In the last decade, the obligations of human resource professionals – those in charge of employee issues – have mushroomed. Your dealership probably has coped with this by assigning office staff to deal with these issues. The demands can be dizzying.
You are properly concerned with personnel lawsuits. They are expensive to defend, particularly if federal agencies such as the Equal Employment Opportunity Commission became involved. You should have a program that is designed to protect against employee lawsuits. In developing a program, dealers should give attention to those things that lead to problems. Here are some tips that you should consider to lower your chance of becoming a defendant in a personnel lawsuit.
- Do background checks. The most common source of lawsuits are employees who are “bad hires”. Do what you can to protect against bad hires. Checking references and contacting past employers is the most basic protection. Dealer personnel sometimes dismiss this because many past employers will only confirm the person’s employment and time on the job. However, even that sort of information is valuable. If you find that an employee has skipped a significant time period in reporting past employment, that can be important. And you may find a past employer willing to be candid, especially if you have the applicant sign a document releasing prior employers from liability for providing candid responses to background questions. Beyond these steps, consider criminal background checks. In many states, the government licensing agency will perform a criminal background check for positions that require a sales license. However, how about those employees who don’t require a license where trust is critical, such as cashiers or others handling funds and confidential data? And don’t forget about driving records since many employees will be driving your cars.
- Have updated applicant and new employee materials. The laws are changing rapidly. When was the last time you reviewed your applicant forms packet? Your new employee packet? Your personnel handbook?
- Make sure all personnel documents are completed. It does not help if you have up to date applicant and new hire packets if the forms are not properly completed. Have in place a checklist for those responsible for employee records to make sure all forms are completed and signed before an employee is put on the payroll.
- Make sure your senior staff understand your personnel handbook. It is one thing to adopt a personnel handbook and make sure it is updated. It is something else entirely to make sure that those in charge of recruiting, hiring, disciplining and firing know your personnel policies. Take the time to train those with managerial authority on your policies.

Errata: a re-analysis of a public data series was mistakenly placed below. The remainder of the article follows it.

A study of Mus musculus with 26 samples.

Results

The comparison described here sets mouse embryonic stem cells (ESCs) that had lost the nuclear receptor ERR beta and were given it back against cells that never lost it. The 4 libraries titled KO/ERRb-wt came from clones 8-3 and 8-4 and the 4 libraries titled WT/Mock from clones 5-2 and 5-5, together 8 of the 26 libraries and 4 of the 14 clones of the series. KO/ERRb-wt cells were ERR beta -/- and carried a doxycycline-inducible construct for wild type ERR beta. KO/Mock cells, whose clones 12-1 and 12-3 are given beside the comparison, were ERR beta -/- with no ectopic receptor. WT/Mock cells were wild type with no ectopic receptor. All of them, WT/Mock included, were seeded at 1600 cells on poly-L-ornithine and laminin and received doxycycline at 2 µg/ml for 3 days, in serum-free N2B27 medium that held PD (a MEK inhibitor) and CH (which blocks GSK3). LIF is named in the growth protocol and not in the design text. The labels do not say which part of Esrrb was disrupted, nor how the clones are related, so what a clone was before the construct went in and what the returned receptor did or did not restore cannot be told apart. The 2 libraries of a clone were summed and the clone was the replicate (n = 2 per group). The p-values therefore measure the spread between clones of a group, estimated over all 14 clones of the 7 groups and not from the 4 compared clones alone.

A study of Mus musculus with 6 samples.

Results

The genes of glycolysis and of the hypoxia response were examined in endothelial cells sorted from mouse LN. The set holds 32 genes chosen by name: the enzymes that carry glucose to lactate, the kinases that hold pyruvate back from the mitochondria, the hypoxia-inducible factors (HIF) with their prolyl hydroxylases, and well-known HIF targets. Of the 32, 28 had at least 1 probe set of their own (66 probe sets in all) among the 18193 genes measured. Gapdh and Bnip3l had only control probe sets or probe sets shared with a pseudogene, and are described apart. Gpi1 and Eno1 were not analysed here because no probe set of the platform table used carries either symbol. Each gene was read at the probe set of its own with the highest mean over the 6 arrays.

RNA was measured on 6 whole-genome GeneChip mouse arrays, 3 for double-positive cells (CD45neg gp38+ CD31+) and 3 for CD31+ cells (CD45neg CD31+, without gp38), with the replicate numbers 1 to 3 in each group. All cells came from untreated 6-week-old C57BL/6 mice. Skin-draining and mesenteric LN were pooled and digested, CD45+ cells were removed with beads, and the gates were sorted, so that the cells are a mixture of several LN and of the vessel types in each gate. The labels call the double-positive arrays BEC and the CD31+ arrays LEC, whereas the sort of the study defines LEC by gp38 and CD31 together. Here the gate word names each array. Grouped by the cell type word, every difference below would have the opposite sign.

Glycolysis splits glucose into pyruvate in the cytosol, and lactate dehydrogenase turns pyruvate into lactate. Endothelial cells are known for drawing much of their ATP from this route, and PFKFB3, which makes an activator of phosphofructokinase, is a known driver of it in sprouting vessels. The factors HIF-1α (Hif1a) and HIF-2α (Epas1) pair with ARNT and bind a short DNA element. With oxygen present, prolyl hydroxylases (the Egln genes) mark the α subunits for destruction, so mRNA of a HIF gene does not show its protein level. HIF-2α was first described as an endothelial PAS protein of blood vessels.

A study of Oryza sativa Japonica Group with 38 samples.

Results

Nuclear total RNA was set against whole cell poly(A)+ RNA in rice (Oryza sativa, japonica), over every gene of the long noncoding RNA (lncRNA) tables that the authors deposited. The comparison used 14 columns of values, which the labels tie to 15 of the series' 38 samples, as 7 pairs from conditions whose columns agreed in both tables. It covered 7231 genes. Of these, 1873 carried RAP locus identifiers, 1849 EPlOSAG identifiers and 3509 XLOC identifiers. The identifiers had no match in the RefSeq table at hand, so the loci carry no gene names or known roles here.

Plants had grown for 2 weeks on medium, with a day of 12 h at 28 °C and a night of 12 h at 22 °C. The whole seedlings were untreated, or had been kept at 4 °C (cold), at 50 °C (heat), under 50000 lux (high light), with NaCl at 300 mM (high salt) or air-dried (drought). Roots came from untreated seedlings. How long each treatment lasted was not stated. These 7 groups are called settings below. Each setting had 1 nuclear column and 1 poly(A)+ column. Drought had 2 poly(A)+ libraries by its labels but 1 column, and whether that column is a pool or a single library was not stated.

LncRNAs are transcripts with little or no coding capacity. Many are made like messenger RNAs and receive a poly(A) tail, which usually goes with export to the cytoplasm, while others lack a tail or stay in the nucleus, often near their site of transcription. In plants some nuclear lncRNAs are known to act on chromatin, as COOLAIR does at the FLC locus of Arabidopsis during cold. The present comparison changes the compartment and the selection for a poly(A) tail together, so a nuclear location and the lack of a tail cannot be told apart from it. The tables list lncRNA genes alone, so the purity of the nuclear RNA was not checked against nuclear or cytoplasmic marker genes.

- Make sure all job actions are well documented. Too often, we encounter cases involving employee terminations where the dealer claims the employee has been counseled repeatedly on unsatisfactory performance. Yet the personnel file is pristine – no record of disciplinary notices, no notes about counseling, perhaps even a glowing review. If an employee’s performance is below par and you discuss it with the employee, make a record.
- Terminate employees properly. Donald Trump popularized the phrase, “you’re fired”, but just saying it and expecting everything to turn out all right is not the best way of terminating an employee. Review an employee’s performance before taking action for job effectiveness. Investigate thoroughly and be sure your action is consistent with prior discipline for a policy violation. If you must fire an employee, do it with another manager present. Determine beforehand how you will explain the termination. You do not owe an employee a detailed legal brief of reasons, but a succinct explanation of why the employee’s performance was unsatisfactory or the policy breach was serious to the point of termination is important. Make a record of your decision-making and actions in the employee’s personnel file.
- Always recruit. Many problems arise in car dealerships because dealers must get a backside into a chair when a vacancy develops, the most common reason for “bad hires”. It helps if the dealer has list of qualified individuals to contact in the event of a job opening. Constantly recruit new applicants. Hand out business cards, even think of having an employment brochure you and your managers can use to recruit individuals. Build a list of employment suspects to turn into prospects when the need arises.